Who's asking: Peter Schleck, Washington, DC
If you've been watching any U.S. news in the past week or so, you've seen some of the recent manufactured uproar over scenes in novels written by James Webb, candidate for the U.S. Senate from the commonwealth of Virginia. Apparently, campaign workers for George Allen had been trying for weeks to get reporters to focus on passages in Webb's novels that they consider demeaning to women, and particularly on one scene in which an Asian peasant takes his four-year-old son's penis in his mouth as a gesture of affection.
Responsible media outlets ignored these attempts until Matt Drudge blasted it on his website, at which point the story became the controversy and "outrage," not the passages of the books themselves.
Peter asked, "Whaddya think?" and I think the whole thing is disgusting, from beginning to end.
First, novelists make stuff up. To ascribe the viewpoint or behavior of a fictional character to an author is ignorant at best and lunatic at worst. I just finished Stephen King's latest novel; in one particularly harrowing scene, a deranged man takes a can opener to the main character's breast. Do I think that Stephen King endorses this behavior, or has fantasized about doing this himself? Hell, no. (In fact, I wish Stephen King was running for Governor of Maine -- he'd be a better choice than any of the official candidates. But that's another post.)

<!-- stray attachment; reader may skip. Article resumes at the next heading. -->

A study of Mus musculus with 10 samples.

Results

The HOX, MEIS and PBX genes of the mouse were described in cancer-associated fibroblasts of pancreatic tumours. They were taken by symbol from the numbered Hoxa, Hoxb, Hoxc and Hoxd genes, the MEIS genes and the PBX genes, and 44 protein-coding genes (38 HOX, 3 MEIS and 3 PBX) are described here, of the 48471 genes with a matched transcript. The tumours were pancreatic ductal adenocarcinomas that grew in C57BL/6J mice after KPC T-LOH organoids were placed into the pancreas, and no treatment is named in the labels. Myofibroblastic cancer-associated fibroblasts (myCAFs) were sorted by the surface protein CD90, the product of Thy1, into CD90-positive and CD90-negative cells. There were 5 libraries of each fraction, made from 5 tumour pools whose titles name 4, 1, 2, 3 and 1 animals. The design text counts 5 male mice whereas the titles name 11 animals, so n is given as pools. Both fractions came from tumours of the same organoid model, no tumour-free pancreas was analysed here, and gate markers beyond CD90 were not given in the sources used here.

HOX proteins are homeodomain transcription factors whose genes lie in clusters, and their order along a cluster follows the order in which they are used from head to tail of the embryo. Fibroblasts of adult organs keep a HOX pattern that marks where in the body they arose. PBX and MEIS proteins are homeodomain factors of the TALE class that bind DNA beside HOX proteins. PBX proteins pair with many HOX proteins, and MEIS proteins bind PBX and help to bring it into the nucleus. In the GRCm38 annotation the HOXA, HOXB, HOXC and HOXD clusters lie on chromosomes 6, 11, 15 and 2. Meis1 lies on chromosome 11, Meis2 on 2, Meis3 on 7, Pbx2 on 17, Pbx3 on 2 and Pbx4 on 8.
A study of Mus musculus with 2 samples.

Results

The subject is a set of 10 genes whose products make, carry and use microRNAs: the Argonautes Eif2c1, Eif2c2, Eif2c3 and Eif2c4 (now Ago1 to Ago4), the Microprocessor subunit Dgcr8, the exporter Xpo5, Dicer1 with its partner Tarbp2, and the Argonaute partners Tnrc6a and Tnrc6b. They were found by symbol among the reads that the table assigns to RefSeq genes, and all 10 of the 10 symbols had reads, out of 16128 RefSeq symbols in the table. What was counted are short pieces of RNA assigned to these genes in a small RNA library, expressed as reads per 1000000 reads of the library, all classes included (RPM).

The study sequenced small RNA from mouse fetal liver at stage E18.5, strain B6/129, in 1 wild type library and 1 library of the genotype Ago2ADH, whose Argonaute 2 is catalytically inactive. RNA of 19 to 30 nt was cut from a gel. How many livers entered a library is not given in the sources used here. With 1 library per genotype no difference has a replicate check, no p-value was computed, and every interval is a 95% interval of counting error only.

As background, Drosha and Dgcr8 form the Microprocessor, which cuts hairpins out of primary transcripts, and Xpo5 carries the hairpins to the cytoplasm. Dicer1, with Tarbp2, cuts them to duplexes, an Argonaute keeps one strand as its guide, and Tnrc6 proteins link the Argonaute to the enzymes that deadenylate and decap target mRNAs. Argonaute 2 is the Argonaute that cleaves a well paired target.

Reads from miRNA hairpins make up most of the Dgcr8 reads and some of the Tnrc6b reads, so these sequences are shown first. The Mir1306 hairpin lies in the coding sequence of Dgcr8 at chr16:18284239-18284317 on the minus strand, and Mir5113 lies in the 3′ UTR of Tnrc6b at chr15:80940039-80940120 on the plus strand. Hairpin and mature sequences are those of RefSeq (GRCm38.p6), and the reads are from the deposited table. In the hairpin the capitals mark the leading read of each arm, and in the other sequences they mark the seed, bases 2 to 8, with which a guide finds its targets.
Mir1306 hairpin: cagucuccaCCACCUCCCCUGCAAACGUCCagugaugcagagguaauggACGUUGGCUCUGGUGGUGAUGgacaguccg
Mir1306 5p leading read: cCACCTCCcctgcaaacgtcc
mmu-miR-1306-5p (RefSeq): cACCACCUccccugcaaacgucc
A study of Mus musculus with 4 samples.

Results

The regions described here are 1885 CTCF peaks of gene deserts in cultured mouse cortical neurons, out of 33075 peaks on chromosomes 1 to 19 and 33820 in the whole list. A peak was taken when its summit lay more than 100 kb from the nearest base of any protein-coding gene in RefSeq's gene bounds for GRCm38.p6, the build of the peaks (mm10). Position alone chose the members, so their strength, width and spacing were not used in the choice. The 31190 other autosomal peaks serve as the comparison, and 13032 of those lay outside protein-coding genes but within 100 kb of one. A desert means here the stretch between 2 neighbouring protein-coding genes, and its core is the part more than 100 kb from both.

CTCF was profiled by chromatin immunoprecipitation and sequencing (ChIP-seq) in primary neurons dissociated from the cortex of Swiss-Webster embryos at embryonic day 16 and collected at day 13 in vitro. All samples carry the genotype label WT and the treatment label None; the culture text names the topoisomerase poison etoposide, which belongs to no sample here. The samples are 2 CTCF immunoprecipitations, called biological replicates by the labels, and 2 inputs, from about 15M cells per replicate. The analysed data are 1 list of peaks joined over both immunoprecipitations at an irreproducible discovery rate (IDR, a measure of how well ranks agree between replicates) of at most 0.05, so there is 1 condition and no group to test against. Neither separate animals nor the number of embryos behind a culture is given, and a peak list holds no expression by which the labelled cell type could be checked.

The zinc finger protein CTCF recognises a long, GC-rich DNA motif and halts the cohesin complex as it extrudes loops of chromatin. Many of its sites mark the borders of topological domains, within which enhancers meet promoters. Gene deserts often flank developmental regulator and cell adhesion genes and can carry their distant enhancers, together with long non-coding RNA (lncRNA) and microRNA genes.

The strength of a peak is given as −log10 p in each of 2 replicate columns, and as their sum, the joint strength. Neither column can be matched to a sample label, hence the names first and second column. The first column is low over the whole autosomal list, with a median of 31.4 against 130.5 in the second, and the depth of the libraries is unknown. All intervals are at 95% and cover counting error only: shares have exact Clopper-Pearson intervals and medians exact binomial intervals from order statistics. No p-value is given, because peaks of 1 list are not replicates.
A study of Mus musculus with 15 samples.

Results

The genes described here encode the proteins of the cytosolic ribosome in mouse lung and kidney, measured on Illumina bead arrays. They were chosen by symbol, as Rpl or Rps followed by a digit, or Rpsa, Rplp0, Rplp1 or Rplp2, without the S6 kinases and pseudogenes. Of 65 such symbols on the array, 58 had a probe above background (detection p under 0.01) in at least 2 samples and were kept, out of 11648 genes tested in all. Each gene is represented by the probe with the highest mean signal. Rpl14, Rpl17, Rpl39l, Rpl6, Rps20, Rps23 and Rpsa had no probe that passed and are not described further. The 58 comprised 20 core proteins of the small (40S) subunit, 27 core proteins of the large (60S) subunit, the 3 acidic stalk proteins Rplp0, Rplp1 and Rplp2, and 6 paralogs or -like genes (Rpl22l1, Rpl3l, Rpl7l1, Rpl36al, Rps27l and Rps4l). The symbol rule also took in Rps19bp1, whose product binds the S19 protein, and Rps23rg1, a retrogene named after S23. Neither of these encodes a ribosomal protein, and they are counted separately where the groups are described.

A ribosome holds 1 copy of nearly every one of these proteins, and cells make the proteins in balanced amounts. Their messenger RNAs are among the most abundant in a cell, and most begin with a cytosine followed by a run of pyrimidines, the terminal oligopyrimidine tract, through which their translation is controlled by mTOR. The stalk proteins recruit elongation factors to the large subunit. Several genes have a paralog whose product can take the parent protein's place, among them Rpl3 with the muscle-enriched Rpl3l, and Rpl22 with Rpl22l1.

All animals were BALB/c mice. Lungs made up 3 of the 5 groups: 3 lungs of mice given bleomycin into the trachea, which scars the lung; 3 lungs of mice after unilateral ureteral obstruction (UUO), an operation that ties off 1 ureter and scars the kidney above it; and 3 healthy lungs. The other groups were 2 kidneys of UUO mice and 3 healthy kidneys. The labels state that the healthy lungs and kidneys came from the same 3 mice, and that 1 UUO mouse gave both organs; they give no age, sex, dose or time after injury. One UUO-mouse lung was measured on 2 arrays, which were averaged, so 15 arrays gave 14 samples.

Second, this manufacturing of outrage -- and then pandering and weaseling to deflect the outrage -- has got to stop. It's exhausting, it demeans everyone involved, and it cancels out the effectiveness of genuine outrage in the few situations that call for genuine outrage (e.g., Abu Ghraib, inadequate death benefits for military families, the terrifying national debt).
On the subject of cheap and easy outrage, let's talk for a minute about John Kerry's slip of the tongue yesterday, when he said that kids who didn't do well in school would end up stuck in Iraq. He says he didn't mean to say that -- what he meant to say was that kids who didn't do well in school would end up getting other people stuck in Iraq -- but the manufactured outrage over this remark hides some deeper, bitter truths that we ought to be talking about, rather than shouting about who loves our soldiers more.
The first of these truths is that the U.S. as a nation is stuck in Iraq. The second of these truths is that individual soldiers (including some of our best and brightest) are stuck in Iraq, held there past the terms of their original enlistment because no troops are available to replace them. The third of these truths is that educated or not, many of our young people are stuck in Iraq because there are no jobs for them at home, unless they want to work for hourly wages without health benefits.
Why aren't the candidates talking about these things? Why didn't John Kerry take this opportunity to say, "Yeah, I misspoke, but let's talk about this"?
I'm disgusted, disgusted with all of it and all of them. For God's sake, everyone, figure out what you're really outraged about, and go vote next Tuesday.